This is one big chunk of amber. It is about 3.5 x 3.5 x .5 inches and weighs 98.2 grams. Inside is a zoo. there is so much inside that I cannot even photograph all of it (and I did photograph as lot.) The most obvious thing is an actual leaf from the tree that produced the resin in the first place. In addition to that, there are numerous worker ants, gnats, midges, winged termites, caddisfly, I even saw an adult planthopper. This is a giant piece of clear Dominican amber. A very impressive piece.
This is a fun one. First, it is NOT Dominican, but it is Mexican amber from Chiapas. Second, this is an interesting piece. Some debris inside along with a large worker termite, Isoptera. Now the cool bit: it has a large bubble inside. This is often called an en-hydro. It is a bubble that you can see move when the amber is tipped. I look at that, know there is water inside the termite's body and wonder. Any bacteria in the water? Any viruses? What would happen if you accidentally broken open the piece and released the water? Here is a very recent article about ancient viruses and bacteria. Is there a bug that would wipe out human kind? Just fun stuff to think about. Here is a good one - a video of the bubble moving, take a look.
Every once in a while, you run across a piece that is just special. I cannot tell you why, but this one is. It is obviously a nice piece with a headless ant, Hymenoptera, Formicidae, an animal that looks like Godzilla (it is a nymph of a planthopper, Homoptera, a beetle larvae and termite (not sure......)
Here is a rare one: this is the larvae of an owlfly (similar to an ant lion), Neuroptera, Asclaphidae. They are as rare as hen's teeth. The larvae inject their victims with poison, which serves to paralyze the prey while the owlfly begins feeding. Also in this piece is an ant, and a mite and even what looks like a bunch of insect eggs (I am not sure they are though).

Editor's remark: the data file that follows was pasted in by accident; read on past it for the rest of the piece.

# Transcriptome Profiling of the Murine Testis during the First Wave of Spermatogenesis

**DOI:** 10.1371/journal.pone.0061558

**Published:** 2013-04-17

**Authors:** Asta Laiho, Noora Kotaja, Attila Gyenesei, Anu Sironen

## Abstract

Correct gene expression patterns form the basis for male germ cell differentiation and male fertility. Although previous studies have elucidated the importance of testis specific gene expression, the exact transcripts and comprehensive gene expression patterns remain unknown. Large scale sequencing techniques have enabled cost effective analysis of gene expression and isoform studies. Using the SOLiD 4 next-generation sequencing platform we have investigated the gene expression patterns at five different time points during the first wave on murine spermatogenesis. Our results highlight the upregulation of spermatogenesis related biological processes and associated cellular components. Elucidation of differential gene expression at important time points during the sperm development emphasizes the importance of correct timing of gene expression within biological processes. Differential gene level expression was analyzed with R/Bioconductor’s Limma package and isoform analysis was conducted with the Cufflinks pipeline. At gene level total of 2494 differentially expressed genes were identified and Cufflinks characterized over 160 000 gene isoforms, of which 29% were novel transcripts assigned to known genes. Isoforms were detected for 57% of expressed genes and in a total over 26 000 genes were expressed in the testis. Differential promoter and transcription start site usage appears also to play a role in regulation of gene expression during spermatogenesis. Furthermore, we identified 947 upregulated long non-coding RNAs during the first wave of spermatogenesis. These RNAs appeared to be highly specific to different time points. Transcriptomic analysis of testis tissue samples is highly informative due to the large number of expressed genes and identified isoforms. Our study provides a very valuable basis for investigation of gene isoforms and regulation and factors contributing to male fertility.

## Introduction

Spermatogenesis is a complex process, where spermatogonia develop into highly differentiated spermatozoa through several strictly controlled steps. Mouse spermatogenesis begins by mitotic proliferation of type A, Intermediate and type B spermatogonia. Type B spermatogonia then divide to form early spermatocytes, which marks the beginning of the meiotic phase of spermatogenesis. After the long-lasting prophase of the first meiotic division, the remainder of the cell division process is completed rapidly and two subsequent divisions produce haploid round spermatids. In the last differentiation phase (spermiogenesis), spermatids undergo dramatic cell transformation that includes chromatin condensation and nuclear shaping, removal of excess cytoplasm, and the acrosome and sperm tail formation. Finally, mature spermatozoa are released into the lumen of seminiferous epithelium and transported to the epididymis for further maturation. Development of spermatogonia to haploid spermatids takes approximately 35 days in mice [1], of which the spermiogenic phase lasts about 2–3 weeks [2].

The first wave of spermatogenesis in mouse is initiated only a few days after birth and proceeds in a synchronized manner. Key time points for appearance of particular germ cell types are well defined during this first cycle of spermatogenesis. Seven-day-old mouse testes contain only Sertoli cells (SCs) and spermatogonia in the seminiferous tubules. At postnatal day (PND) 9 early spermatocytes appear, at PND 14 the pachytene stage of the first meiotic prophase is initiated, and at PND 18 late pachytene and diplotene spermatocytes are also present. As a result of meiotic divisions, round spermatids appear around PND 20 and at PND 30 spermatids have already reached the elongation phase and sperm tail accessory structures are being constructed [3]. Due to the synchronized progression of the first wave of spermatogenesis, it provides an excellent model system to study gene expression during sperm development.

Hard to know where to start on this gigantic 113.5 gram piece. It is just so big and has so much in it. There is what looks like 2 buds that have not opened yet, part of a messed up leaf, crane fly legs all over the place (no crane fly's though). There are (in no order here) lots of fungus gnats, midges, regular gnats, wasps, ants, flies, even a click beetle. There are so many animals inside (small ones) that I cannot even begin to count them. Every time I look at it, there are a half dozen new ones. This is quite the piece about 3 inches x 3 inches x .5 inches - and almost a quarter of a pound of amber.
This is a rare one. It comes from a parasitic larval form that only lives in spiders. Not only rare - but this is a perfect piece. This Acroceridae Ogcodes fly is an internal parasite of spiders. Adults of living forms can be found in vegetated or forested areas with females usually in search of a spider host or feeding on the nectar of flowers. The life span of the adult is very short (usually only 1 week). Larvae include a planidial first instar that actively searches out a host immediately after hatching from the egg. Larvae pass through 4 instars before emerging from the host and pupating. If you have not guessed, this is a very rare animal in Dominican amber.